Money is a critical consideration for everybody approaching release/retirement. Financial security allows all Canadians, including Canadian Armed Forces members, to have choices and options going forward. It gives us peace of mind and the freedom to create the future of our dreams. But a successful retirement is about more than just money.
For many CAF members, longevity (because they are very fit throughout their career!) is a bonus; but it can be a curse for those of us who have planned only for the financial side of life after work. It is crucial to make sure we won’t outlive our money – but just as important, we should be asking ourselves, “What will I do with my time?”
Research has demonstrated clearly that the people who are happiest in “the next phase” prepare for retirement by engaging in some sort of life planning as well as financial planning.
Consider these 5 critical life components for success:
Positive Attitude & Open Mind
A positive attitude and an open mind. Look around. As far as the happiest and most fulfilled people are concerned, the cup is always full – or at least half full. Retirees who consider themselves very happy say that having a healthy, positive outlook is the foundation on which they have built their new lives.
For released members (also known as “inactive”) and retirees in general, being open to new opportunities is an important component of maintaining a positive attitude. We often think of our retirement as an extended vacation, but many have expressed to me: “after a month we discovered that a permanent vacation has become rather boring.”
Rather than getting stuck in a rut, maintain your motivation by looking for new activities that would enhance this next stage of your life. Investigate volunteer and part-time work activities that you think could be interesting, fun, or rewarding.
Maintain Healthy Lifestyle
Maintain a healthy lifestyle, because when you have your health, you have everything. The most successful retirees practice health-building habits. The first thing they often do after retiring is joining a health club or start a walking program to replace the facilities they enjoyed working on base, including the associated camaraderie challenge and competitive spirit!
Other healthy living basics include not smoking, limiting one’s intake of alcohol, eating a balanced diet, and controlling food portions – simple steps, but not always easy to practice.
Retirees who live a healthy lifestyle are out having fun; some are even working part- or full-time. It’s important to understand that as you age, you’re bound to have physical issues – but the more fit you are, the less impact aging may have on your everyday life.
Stay Connected With People
Stay connected with friends and family. One of the things people miss most when they retire is their community of work friends. Socializing with people – whether they are family, coworkers or neighbours – can be fun and stimulating, and it gives most of us a sense of belonging. Whether we call them colleagues or just “the gang,” those social contacts are still important.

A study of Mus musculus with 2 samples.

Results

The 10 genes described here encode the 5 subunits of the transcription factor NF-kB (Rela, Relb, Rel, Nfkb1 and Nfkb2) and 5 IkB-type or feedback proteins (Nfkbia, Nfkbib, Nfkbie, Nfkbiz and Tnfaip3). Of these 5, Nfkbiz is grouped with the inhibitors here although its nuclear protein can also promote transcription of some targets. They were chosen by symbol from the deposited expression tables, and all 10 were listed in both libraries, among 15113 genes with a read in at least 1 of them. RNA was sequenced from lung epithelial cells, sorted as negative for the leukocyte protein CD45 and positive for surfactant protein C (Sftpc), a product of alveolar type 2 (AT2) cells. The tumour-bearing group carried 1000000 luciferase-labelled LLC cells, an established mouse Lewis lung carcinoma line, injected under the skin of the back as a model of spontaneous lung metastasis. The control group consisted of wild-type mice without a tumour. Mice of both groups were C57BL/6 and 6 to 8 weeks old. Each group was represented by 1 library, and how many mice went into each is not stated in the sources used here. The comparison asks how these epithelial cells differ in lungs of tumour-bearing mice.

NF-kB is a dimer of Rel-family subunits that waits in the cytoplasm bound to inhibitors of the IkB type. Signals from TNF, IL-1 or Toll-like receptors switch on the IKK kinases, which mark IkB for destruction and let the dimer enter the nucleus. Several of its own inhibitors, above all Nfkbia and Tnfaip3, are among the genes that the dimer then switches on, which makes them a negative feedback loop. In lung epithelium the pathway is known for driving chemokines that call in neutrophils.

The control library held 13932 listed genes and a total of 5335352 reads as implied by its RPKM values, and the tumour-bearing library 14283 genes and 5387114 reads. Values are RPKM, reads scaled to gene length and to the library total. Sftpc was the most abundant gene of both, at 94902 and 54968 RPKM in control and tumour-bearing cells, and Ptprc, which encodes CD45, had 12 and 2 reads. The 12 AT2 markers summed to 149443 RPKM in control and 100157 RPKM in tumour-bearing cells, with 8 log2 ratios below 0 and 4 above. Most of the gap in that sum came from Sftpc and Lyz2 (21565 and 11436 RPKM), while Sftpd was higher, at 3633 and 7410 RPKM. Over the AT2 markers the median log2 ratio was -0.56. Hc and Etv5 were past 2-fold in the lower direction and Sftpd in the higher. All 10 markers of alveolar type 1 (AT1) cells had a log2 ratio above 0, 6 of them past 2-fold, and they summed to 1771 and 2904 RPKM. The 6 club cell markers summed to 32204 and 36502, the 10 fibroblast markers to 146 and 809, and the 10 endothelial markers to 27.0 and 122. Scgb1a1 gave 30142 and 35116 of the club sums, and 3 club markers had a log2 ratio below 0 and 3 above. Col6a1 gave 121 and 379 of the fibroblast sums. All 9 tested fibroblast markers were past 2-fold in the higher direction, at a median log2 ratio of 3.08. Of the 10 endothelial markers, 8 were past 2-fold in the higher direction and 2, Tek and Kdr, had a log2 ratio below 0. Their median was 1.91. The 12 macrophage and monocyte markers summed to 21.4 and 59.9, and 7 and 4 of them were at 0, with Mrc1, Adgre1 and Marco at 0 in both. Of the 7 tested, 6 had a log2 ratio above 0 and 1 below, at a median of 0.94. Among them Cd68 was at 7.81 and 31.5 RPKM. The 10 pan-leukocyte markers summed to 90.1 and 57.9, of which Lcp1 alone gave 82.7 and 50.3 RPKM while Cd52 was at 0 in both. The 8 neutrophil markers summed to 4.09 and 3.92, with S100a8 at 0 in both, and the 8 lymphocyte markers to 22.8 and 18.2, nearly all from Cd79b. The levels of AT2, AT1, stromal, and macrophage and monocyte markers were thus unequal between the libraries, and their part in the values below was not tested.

Staying connected to one’s industry also helps to continue a sense of community. If you continue to keep up with industry changes and news, a transition back to a paid job, if you are so inclined, will be a lot easier. For many CAF members during retirement, a chance encounter can lead to short-term consulting projects. The money is an unexpected windfall, but contributing to important projects in retirement can also be gratifying.
Interests & Hobbies
Take interests and hobbies to a new level. Having fun is not always about trying new things. Often, taking old interests to a new level can be just as adventurous and inspiring. If you like working in the garden, maybe retirement is the time for you to take a flower-arranging course or to try to grow something new, for instance, heirloom tomatoes from seed or giant pumpkins!
Take Advantage of Your Time
Be willing to explore because retirement offers the gift of time. The key is to continue to be curious about things and keep exploring. That’s the best way to find adventure and to stay excited.
As you prepare many years in advance for the next, inevitable adventure in your life, ask yourself these questions:
- How do you view retirement? Is it positive, negative, or neutral?
- What activities do you currently enjoy? What new activities do you want to try?
- Are there any financial implications?
- What will you do to maintain good health in retirement?
- Have you thought about keeping up your professional skills in case you decide to go back to work?
- Are there any professional groups you would like to join when you retire?
- Have you thought about any great travel destinations?
- Are there any things that you always said you would do if only you had the time?
- Do you have a hobby or interest in which you’d like to get more involved?
I hope that these questions have challenged your thought process as you explore and engage in the next (and most fun, apparently!) phase of your life.